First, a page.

Military chaplains: providing hope in the time of need


In peace and at war, making the holy present to service men and women

October 17, 2019

Army Brig. Gen. Kenneth “Ed” Brandt with fellow Presbyterian chaplain Maj. Autumn Vernon. Vernon, who serves in the Air National Guard, is instrumental in forming a veterans group at Westminster Presbyterian Church in West Chester, Pa. Courtesy of Ed Brandt

It was an honor like no other for Army Brig. Gen. Kenneth “Ed” Brandt. For the past 30 years, Brandt, an ordained PC(USA) pastor, has been serving as a military chaplain, providing enlisted men and women with a sacred space to make sense of out of a sometimes-senseless world.

Now here he was, standing at the podium of Arlington Memorial Amphitheater outside of Washington, D.C. Morning’s first rays strengthened, illuminating Arlington National Cemetery’s sea of white crosses, as if to affirm the message of resurrection that Brandt would deliver at the 2019 annual Easter sunrise service.

“The best part of waking up today on this Easter morn is forgiveness in our cup, hope in our heart and new life for our souls,” Brandt said to the more than 2,000 gathered. His words were more than just words — they captured his calling as a military chaplain.

“When someone seeks out a chaplain, it is because they know what they tell us is confidential. They have a space to talk about whatever the issue may be — family, work, substance abuse,” Brandt said.

Brandt currently serves as director of the Office of the Joint Chaplain, National Guard Bureau, and U.S. Army deputy chief of chaplains. He deployed to Iraq in 2008–09 and served at the National Guard Bureau and then as the state chaplain of Delaware before accepting his current position.

An Army National Guard report for the first quarter of 2018 revealed just how much chaplains are there for servicepeople, with 52,017 counseling sessions, 8,642 worship services, 1,181 military funerals and 1,920 hospital visits.

Capt. Robert Rose, a self-described lifelong Presbyterian who grew up on the West Coast and now serves as a deputy wing chaplain at Offutt Air Force Base in Nebraska, says the simplest way he would describe the job of a military chaplain for someone not familiar with chaplaincy is that he is a pastor for the men and women of the units he works with. But Rose admits that it gets much more complicated.

Capt. Robert Rose, back row, left, who once described himself as a pacifist, now serves as a deputy wing chaplain in Nebraska. Rose sees being a chaplain as being “a visible reminder of the holy.” Courtesy of Robert Rose

“One unique aspect of our job is that military chaplains are the subject matter experts for religious freedom questions,” Rose said. “So, while I often provide pastoral care and counseling, occasionally preach and lead worship, I also advise leaders on when they might be giving preference to one religious group or another. Or I might help leadership understand a military member’s request for accommodation of her or his religious practices.”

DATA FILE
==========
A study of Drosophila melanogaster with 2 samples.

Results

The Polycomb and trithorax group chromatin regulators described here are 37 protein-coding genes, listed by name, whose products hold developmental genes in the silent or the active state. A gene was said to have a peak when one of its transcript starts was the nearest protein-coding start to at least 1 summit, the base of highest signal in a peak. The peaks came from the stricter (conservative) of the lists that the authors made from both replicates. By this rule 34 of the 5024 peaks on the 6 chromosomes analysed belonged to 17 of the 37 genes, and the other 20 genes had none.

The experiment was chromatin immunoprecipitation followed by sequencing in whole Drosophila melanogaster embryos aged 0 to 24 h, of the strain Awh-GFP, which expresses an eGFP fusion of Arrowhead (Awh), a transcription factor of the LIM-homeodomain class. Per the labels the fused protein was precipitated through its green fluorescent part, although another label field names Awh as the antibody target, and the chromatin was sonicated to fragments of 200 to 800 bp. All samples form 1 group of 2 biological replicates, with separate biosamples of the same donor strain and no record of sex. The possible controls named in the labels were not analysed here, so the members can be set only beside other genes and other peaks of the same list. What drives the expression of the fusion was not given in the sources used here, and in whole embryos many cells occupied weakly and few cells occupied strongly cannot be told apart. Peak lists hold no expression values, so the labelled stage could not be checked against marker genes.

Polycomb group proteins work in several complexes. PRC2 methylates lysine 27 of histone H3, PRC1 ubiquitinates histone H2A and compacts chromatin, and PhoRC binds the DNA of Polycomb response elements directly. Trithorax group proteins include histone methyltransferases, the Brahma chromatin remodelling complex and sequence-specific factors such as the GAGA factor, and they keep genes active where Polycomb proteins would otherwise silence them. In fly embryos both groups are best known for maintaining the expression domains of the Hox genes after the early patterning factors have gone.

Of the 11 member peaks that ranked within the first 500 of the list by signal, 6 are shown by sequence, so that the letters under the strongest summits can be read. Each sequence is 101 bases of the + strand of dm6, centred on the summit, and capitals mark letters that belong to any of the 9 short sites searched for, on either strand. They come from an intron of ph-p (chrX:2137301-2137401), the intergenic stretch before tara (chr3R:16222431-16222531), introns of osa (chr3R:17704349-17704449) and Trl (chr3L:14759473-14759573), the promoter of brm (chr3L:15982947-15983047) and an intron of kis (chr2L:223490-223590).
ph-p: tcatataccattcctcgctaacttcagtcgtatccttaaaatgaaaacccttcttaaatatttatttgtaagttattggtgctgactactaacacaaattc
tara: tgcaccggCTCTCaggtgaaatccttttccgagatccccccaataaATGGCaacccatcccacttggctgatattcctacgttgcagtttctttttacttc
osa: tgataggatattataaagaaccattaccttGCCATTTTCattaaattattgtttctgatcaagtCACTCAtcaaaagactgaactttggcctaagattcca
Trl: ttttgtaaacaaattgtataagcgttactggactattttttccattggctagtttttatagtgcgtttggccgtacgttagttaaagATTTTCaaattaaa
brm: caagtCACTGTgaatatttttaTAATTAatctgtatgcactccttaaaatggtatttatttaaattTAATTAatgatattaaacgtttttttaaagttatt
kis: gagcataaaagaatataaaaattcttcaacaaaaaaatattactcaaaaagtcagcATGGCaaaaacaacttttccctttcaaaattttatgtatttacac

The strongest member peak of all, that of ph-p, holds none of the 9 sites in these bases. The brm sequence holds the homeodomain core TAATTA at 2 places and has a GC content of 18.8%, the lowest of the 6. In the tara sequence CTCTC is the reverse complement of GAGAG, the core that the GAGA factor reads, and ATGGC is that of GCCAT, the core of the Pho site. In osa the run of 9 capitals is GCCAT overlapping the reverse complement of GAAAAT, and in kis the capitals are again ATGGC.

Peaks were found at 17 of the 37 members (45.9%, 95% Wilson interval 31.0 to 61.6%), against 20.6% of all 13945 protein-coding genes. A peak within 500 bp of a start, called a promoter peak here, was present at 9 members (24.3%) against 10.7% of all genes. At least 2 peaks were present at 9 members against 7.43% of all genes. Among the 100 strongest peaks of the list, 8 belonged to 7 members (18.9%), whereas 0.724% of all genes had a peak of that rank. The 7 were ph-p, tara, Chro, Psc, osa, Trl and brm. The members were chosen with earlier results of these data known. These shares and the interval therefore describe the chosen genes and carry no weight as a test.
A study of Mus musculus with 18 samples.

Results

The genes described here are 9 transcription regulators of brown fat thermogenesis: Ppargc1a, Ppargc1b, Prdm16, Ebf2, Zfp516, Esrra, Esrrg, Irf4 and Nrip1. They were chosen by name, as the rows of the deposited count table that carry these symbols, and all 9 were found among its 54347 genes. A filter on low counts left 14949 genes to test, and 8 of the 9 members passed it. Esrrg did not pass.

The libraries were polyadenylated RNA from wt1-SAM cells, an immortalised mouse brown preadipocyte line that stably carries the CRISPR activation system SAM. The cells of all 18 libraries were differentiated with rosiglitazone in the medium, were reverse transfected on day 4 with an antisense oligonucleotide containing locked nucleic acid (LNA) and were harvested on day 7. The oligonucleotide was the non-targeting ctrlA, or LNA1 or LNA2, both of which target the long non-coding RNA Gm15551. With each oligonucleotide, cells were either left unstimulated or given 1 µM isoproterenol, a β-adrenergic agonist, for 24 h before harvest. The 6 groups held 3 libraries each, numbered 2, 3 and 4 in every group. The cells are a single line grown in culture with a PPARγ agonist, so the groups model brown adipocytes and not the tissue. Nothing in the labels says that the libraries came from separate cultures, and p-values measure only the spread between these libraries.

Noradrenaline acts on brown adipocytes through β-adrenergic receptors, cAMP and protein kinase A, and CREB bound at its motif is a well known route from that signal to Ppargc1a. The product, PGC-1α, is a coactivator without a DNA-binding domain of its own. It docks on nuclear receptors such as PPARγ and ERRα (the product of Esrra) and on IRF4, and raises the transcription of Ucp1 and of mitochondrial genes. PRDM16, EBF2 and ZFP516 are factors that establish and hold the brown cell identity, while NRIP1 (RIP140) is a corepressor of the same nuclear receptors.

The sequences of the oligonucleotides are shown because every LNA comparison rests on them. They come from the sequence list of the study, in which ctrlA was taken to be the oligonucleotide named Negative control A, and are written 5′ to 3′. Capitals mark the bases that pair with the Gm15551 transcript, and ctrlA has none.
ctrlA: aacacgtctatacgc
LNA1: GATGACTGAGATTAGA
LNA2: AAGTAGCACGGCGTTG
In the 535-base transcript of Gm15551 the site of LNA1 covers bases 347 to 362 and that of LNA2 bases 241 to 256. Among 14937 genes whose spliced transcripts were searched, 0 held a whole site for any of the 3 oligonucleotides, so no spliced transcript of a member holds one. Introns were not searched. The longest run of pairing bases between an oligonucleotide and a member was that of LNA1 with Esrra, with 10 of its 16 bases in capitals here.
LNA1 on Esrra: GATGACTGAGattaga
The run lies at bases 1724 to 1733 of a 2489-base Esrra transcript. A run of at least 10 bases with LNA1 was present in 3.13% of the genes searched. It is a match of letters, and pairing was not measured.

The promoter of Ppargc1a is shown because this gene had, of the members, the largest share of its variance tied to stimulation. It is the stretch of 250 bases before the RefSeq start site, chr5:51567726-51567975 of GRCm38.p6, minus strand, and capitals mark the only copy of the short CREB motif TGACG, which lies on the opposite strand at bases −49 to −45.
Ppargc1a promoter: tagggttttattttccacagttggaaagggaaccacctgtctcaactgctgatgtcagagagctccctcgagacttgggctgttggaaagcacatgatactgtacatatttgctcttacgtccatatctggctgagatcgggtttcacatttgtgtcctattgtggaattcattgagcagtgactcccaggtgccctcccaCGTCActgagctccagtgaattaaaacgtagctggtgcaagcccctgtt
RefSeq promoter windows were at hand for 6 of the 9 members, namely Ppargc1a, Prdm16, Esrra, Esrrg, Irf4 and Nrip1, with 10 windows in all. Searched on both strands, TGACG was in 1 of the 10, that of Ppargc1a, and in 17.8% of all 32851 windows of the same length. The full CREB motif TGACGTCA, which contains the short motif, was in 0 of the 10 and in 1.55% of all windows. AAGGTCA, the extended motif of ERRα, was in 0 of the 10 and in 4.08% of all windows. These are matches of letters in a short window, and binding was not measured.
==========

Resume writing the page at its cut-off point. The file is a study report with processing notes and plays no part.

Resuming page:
Brandt agrees, noting that today’s service men and women come with many different faith beliefs — and even no beliefs. As a chaplain, Brandt says that he “has to make sure that people have the freedom to practice or not practice their faith at all.”

If pushed to name the key role of a chaplain, Rose would say it is “providing a tangible reminder that there is a spiritual aspect to life.”

“The Air Force used to say the chaplain is the ‘visible reminder of the holy.’ While I’m walking around in the units, I can be that reminder that there is meaning and purpose to life,” Rose said.

In fact, Rose says the struggles he sees the most in the military are marital- or work-related. And the questions of faith are not as profound as one might think.

“I always want the answer to what questions of faith does a chaplain get to be something like ‘Is war just?’ or ‘Where is God when it hurts?’ Most of the time, the questions or struggles I see are the same ones I found in my civilian ministry. People seem to ask, ‘Where is God in my everyday challenge?’ ” Rose said.

But despite all of the challenges, Rose, like many called to military chaplaincy, sees the many blessings as well. Among the greatest gift for Rose is “to see someone who has faced serious challenges — be it relationships falling apart, a struggle in the office or post-traumatic stress — and see them achieve some level of healing.

“I worked for a chaplain who said our role as chaplains is to go to the very gates of hell with people and help them find their way to the very gates of heaven,” Rose said.

 Donna Frischknecht Jackson, Editor of Presbyterians Today. Rick Jones, Director of Communications for the Office of the General Assembly of the Presbyterian Church (U.S.A.), contributed to this story.

Today’s Focus:  Military chaplains

Let us join in prayer for: 

PC(USA) Agencies’ Staff
Randy Hobson, Office of the General Assembly
Destini Hodges, Presbyterian Mission Agency

Let us pray:

Lord, Prince of Peace, hasten the day when swords are beaten to plowshares and your peaceful reign is complete. Until then, gird our chaplains with your love and strength as they care for all in uniform and their families. Amen.